Space Robotics and Rovers

We are affiliated with the Andy Thomas Centre for Space Resources.

Autonomous Rovers

In-Situ Resource Utilisation (ISRU) refers to mining resources on other planetary bodies (primarily the Moon and Mars) and using them to support longer and deeper space missions. The difficulties of building a large-scale human presence in space and the lack of real-time interplanetary communication means that space mining will have to depend on robots with a high level of autonomy. However, the lack of infrastructure means that autonomous rovers will need to contend with hazardous terrain, lack of accurate positioning systems, limited power supply, and many other difficulties. Space robotics has been identified by NASA as a Centennial Challenge.

Space mining will likely utilise a fleet of heterogeneous robots that must collaborate to accomplish the goal. Thus, apart from meeting the challenges above, an autonomous rover must also manoeuvre and interact with other robots without causing damage. This argues for a high degree of intelligence on each agent and a robust multi-robot coordination system to ensure long-term operation.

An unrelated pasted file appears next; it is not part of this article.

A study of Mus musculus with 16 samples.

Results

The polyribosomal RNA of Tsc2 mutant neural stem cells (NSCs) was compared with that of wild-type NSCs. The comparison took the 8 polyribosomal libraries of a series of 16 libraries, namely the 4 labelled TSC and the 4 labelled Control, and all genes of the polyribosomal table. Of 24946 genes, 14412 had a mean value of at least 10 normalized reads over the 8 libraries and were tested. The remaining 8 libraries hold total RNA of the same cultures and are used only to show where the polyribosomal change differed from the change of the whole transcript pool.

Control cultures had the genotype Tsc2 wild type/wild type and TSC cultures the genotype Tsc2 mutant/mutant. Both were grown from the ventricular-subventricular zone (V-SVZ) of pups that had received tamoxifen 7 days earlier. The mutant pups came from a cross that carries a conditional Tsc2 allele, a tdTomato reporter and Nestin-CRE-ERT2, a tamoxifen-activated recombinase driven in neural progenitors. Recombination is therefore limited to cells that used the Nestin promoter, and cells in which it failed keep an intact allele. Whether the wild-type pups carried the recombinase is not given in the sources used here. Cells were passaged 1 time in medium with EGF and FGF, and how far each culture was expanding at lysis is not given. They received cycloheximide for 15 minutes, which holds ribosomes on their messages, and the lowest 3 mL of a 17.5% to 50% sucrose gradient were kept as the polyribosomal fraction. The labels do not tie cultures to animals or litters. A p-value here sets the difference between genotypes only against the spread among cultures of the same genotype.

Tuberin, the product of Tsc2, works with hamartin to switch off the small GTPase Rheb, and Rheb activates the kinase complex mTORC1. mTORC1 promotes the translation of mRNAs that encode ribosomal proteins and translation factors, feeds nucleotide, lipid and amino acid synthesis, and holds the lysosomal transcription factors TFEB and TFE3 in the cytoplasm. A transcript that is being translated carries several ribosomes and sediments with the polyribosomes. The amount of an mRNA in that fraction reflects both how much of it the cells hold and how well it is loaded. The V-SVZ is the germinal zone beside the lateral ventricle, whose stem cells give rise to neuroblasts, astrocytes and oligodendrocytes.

NASA Space Robotics Challenge

At The University of Adelaide, we are researching machine learning and robotic perception to address some of the key challenges towards autonomous robots for collaborative space mining: lack of satellite positioning systems, navigation in hazardous terrain, and the need for delicate robot interactions. Much of our efforts have been conducted under the NASA Space Robotics Challenge Phase 2 (SRCP2), in which participants developed software to enable a fleet of heterogeneous rovers to autonomously and collaboratively find and extract resources on a simulated lunar environment.

Simulated lunar environment provided by NASA as part of SRCP2. Two lunar landers (a processing plant and a recharge station) were provided along with 6 rovers.
Close-up of available rover types (excavator, hauler, scout).

Robotic Perception for Autonomous Rovers

The solution developed by Team University of Adelaide extensively employed machine-learning based robotic perception to accomplish accurate localisation, semantic mapping of the lunar terrain, and object detection to facilitate accurate close range manoeuvring between rovers. The following media summarises the capabilities developed by the Adelaide team.

Object detection on the lunar surface.

Results and Media Coverage

The solution developed by Team University of Adelaide won 3rd place and an Innovation Award in the NASA SRCP2 competition.

Team Co-Leaders Ravi Hammond (3rd from left) and James Bockman (4th from left) receiving a mock cheque from NASA (for award of US$75,000) from DVCR Prof Anton Middelberg (1st from left), SA Chief Entrepreneur Andrew Nunn (2nd from left) and ECMS Dean Prof Katrina Falkner (5th from left).

Relevant Publications

  • Ragav Sachdeva, Ravi Hammond, James Bockman, Alec Arthur, Brandon Smart, Dustin Craggs, Anh-Dzung Doan, Thomas Rowntree, Elijah Schutz, Adrian Orenstein, Andy Yu, Tat-Jun Chin and Ian Reid. Robotic Vision for Space Mining. 2021.